When you are growing vegetables in your home garden, one of the key things you’ll want to think about is creating a good system for waste recycling. You should be able to return all the garden’s surplus to the system to create a strong and sustainable ecosystem that can keep you fed for many years to come.
What is more, you can even channel your kitchen waste into the garden system, meaning that you can put less strain on the waste management system outside your home. GoingGreenSuccessTips.com has an article on how you can make a Food Scrap Smoothie for your garden.
Everything in the garden is cyclical and it is important that we work as much as possible with the natural cycle rather than disrupting it. Mono-crop agriculture, in many parts of the world, has depleted the nutrients in the soil and degraded it to such a degree that some scientists predict that the topsoil could be gone in less than a century. Soil is a precious resource and one which can only be renewed very, very slowly.
So when we are working our gardens we should be careful not to repeat the mistakes made by some large-scale growers. We must take all necessary measures to maintain and protect our precious soil. Fortunately, this is relatively easy to do.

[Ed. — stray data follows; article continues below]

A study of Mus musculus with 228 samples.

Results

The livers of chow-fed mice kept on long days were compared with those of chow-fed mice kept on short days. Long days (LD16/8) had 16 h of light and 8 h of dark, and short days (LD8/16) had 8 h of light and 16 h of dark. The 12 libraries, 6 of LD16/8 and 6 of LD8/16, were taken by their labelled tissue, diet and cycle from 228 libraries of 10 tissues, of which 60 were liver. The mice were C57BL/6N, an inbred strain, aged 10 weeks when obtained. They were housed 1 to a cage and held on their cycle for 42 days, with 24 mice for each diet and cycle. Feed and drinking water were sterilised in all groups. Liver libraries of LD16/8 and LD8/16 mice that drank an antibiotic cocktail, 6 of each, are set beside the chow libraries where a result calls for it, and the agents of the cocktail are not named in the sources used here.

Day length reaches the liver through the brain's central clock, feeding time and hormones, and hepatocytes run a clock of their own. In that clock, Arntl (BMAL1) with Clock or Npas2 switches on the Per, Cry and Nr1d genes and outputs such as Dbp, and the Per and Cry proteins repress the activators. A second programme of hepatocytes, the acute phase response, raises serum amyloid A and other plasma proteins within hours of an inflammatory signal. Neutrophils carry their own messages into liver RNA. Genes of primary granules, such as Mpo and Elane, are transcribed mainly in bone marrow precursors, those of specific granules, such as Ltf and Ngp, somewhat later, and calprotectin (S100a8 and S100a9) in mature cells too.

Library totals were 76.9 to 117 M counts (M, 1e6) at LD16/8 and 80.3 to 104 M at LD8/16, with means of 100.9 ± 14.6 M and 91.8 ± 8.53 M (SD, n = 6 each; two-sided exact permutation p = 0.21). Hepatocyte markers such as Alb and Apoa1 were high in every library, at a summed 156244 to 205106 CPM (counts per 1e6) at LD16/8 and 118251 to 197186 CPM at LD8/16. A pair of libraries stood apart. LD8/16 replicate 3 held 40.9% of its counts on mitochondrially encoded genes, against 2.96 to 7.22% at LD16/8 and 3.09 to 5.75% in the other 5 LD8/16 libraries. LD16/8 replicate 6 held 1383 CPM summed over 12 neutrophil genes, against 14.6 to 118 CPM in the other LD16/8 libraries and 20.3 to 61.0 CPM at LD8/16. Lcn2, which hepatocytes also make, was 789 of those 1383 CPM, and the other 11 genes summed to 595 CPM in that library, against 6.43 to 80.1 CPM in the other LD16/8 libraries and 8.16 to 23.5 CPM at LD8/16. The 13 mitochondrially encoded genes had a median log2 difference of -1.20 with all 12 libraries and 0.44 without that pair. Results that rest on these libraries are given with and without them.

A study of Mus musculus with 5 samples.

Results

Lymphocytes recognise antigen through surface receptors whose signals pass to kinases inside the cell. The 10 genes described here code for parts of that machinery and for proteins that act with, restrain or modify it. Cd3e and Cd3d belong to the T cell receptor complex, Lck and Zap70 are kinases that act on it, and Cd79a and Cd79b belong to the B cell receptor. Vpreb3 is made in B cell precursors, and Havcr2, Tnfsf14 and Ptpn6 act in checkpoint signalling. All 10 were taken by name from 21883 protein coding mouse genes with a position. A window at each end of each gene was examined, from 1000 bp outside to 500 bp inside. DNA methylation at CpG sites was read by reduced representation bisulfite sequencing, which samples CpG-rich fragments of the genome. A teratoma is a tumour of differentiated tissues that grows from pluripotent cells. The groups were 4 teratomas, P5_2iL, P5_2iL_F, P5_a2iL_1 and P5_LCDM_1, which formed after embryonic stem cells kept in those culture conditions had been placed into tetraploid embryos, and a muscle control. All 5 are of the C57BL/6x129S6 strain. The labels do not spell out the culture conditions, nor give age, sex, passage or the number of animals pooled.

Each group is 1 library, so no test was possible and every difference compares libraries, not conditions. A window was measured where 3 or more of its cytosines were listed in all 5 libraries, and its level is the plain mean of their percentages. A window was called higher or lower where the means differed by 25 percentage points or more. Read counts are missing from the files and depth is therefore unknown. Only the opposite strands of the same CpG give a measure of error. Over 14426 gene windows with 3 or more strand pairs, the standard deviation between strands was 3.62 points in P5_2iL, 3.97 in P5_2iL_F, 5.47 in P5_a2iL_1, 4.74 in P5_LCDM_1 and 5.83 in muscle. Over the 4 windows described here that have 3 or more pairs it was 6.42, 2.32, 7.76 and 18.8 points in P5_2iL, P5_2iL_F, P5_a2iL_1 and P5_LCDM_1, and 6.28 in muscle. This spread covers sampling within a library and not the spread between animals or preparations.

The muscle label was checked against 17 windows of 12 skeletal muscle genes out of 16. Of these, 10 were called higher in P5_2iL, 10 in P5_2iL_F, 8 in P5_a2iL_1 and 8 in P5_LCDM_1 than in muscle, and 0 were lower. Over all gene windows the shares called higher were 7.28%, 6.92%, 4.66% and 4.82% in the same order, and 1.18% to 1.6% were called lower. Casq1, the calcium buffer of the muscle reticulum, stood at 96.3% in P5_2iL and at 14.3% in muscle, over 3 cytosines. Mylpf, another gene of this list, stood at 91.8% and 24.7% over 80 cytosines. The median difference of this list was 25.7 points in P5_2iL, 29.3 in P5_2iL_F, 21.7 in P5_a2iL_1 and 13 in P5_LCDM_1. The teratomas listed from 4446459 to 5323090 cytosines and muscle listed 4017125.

The first thing you should do is create a compost bin or compost heap. Garden clippings, kitchen waste, paper and cardboard can all be put in the compost. Layer green layers with brown layers to make the perfect compost.
Exactly how long it will be before you get a usable compost to return to your soil depends on exactly which composting system is used and various conditions, but eventually, the cycle will be complete and the nutrients will be returned to the soil and will not only feed it, but can even increase its fertility.
Make Some Weed Tea
Another way to add fertility to your soil and aid growing plants is to make plant feeds using weeds and other useful plants that grow in your garden or surroundings. Comfrey (a perfect plant for organic gardeners) is great for making a beneficial “comfrey tea”, while nettles can also be used to make an excellent nitrogen rich plant feed.
Other weeds can make a good all-purpose fertilizer. Simply add plants to a big bucket of water and allow them to rot down (this will stink so you’ll want to be sure not make it too close to your house or areas where you like to sit in the garden). Then simply dilute the resulting mix with water so it is the color of a strong tea and then use it to water the crops that need it.
Save Those Grass Clippings
Mulching is another good way to return the goodness in your growing plants to the soil. Use grass clippings to mulch plants that need a boost of nitrogen. Leaves or leaf mold also make excellent mulches in certain circumstances.
Mulches also help to keep moisture in the soil during dry, hot spells and can be particularly beneficial in warm climates, though they are useful all around the world for a variety of reasons.
Don’t waste your natural resources! Be sure to complete the cycle in your organic garden and take care of your soil.